Those damn Republicans are up to their old tricks again, with their awful negative ads. Luckily, the L.A. Times is there to tell us about it, at length — and to emphasize that attack ads are almost entirely a Republican phenomenon . . . except, of course, when beleaguered Democrats have no choice but to fight back.
The story is titled Negative Ads a Positive in GOP Strategy, with a deck headline that reads “Hoping to deflect attention from Iraq, candidates unleash personal attacks. They get voters’ attention, consultants say.” It opens:
WASHINGTON — Sinister characters are scheming in a smoke-filled room, in a television ad that depicts big campaign contributors to Bob Casey, a Democrat running for Senate in Pennsylvania.
After detailing the legal troubles that each donor faces — including an FBI investigation and jail time — the somber narrator asks, “Where does Casey hold his campaign meetings?”
The camera pulls back to show the cigar-smoking “campaign team” — behind bars.
That graphic, personal attack on the candidate challenging Sen. Rick Santorum (R-Pa.) is a particularly sharp-edged example of a key strategy in the Republican political arsenal as the party fights to keep control of Congress: going negative and personal, early and often.
Those damn Republicans.
And now the infamous “some critics” have their say:
While President Bush and national GOP leaders are attacking Democrats on such big issues as national security and America’s role in the world, individual Republicans are hitting their opponents hard — below the belt, some critics say — on personal and local issues.
So Democrats don’t do this as well, huh?
Oh, wait: apparently they do, as we finally learn in a whisper — one that is oh so very soft and fleeting — in the sixth paragraph:
Negative campaigning is hardly new, and Democrats are dishing dirt against Republicans too.
Oh really? Well, let’s talk about that, then. No, let’s don’t . . . let’s immediately return to the theory that it’s purely a Republican strategy:
But mudslinging is crucial to the Republican plan for this year’s midterm elections, because the party’s hold on power will probably hinge on shifting attention from the unpopular war in Iraq and other national issues that cut against them.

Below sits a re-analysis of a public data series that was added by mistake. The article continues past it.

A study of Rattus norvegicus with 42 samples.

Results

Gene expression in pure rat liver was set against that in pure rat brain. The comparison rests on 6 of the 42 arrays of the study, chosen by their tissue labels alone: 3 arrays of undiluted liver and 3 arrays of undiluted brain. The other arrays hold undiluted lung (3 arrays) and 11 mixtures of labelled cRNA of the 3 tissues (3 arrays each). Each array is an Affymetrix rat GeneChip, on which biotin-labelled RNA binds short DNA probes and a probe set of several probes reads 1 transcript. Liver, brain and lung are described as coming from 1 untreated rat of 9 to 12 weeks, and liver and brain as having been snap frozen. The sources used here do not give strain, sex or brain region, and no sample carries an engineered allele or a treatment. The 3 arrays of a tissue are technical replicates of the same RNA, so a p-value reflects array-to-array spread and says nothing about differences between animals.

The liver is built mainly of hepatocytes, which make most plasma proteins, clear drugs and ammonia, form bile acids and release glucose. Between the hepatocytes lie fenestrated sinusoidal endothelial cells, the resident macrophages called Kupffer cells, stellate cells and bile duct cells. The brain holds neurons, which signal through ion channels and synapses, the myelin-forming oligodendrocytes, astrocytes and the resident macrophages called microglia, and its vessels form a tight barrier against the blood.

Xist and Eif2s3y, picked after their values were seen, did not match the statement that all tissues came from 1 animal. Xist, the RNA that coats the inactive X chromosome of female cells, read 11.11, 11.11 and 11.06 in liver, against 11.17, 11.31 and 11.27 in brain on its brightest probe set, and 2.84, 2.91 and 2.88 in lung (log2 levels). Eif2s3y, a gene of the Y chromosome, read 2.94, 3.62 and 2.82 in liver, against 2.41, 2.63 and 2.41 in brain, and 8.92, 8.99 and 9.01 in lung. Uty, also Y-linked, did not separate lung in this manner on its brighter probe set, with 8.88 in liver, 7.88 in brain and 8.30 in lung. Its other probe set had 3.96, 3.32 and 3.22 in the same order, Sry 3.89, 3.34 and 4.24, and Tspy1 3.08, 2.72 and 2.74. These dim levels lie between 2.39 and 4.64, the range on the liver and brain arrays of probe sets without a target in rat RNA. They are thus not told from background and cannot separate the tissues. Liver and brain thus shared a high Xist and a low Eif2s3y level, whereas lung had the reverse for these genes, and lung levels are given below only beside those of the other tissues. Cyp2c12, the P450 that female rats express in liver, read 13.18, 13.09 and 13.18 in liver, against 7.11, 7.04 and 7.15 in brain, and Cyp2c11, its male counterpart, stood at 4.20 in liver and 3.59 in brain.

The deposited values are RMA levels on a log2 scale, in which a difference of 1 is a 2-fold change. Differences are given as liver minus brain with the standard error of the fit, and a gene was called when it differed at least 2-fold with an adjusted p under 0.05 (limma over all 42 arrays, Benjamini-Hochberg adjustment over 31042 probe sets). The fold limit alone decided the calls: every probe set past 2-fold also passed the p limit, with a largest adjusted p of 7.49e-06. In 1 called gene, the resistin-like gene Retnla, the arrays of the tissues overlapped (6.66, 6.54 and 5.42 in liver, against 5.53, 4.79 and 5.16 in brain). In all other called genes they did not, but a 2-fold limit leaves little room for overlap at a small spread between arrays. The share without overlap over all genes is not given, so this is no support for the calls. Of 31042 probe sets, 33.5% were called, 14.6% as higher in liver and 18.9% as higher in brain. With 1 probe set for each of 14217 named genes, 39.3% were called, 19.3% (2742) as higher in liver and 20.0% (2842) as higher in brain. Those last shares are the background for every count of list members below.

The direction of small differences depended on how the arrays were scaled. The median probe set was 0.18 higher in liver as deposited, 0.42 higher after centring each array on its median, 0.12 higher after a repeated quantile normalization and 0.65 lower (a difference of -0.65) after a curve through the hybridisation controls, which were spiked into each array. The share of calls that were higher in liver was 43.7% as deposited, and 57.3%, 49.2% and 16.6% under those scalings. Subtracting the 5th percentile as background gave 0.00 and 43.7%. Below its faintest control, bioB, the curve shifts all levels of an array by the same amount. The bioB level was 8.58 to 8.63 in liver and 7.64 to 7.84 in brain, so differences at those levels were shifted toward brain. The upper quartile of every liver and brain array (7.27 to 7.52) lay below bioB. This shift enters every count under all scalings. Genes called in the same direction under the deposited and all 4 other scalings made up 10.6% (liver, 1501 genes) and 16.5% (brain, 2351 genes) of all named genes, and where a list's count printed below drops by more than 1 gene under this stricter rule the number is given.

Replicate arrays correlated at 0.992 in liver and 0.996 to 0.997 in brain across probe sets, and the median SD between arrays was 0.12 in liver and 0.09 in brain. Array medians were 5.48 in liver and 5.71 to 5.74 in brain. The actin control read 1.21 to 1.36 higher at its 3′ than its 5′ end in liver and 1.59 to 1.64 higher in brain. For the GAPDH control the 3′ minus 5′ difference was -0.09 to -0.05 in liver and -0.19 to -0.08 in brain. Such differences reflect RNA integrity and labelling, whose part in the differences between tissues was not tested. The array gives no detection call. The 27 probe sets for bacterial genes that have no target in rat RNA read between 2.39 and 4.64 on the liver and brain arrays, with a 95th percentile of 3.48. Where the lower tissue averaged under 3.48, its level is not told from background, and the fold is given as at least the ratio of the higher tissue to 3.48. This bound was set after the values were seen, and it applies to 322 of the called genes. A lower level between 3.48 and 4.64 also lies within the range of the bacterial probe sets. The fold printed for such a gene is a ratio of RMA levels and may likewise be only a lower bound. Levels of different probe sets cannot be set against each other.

Wow. It actually says “mudslinging is crucial to the Republican plan for this year’s midterm elections.”
(This piece is labeled “Washington Extra.” It’s apparently not in the op-ed section, and is not labeled “News Analysis.” Maybe it’s a column of some sort; perhaps a reader can fill me in on that.)
The story tries to substantiate this by pointing to a recent “strategy memo” by a Republican congressman. It then quotes a Republican political spokesman:
“You haven’t seen the majority of the negative ads yet,” said Carl Forti, spokesman for the National Republican Congressional Committee, where a staff of 10 has been deployed on opposition research.
I bet if you were to ask Forti about that quote, he’d tell you that he meant the negative ads coming from both sides — but the story makes it sound as though he’s talking only about ads coming from Republicans. If I can track him down, I’ll ask him.
The next seven paragraphs or so feature numerous examples of negative ads by Republicans. Well, gee. I guess if the negative ads they can find are all by Republicans, maybe the paper has a point.
Oh, wait! It turns out that Democrats do them too . . . but they are summed up in a couple of quick paragraphs, and are characterized as the Democrats simply “fighting back,” “responding,” and “countering” those awful GOP attacks:
Madrid may have cut her losses by quickly fighting back with an ad not only defending herself but linking Wilson to resigned House Majority Leader Tom DeLay (R-Texas).
It remains to be seen whether the GOP barrage will do lasting damage, especially since Madrid and other Democrats have made a concerted effort to respond aggressively. Ellsworth countered with an ad attacking Hostettler’s record on crime; Donnelly pointed out that Chocola was also once late in paying taxes; Murphy aired an ad challenging Gerlach’s claim to be independent of Bush.
After that, it’s quickly back to reinforcing that this is a uniquely Republican strategy:
That underscores why attack ads may be particularly important to Republicans’ strategy: Many polls show that Democrats are generally more motivated than Republicans to vote this fall.
I’ll keep my eyes open to see if this attack ad thing is really a purely Republican phenomenon. So far this campaign season, about the only attack ad I’ve seen is one attacking Arnold Schwarzenegger for his support for the unpopular George W. Bush. I’m sure I’m just not paying attention.
UPDATE: From the unlikely source of the New York Times comes evidence that both sides play the negative ads game. Shocking news, that.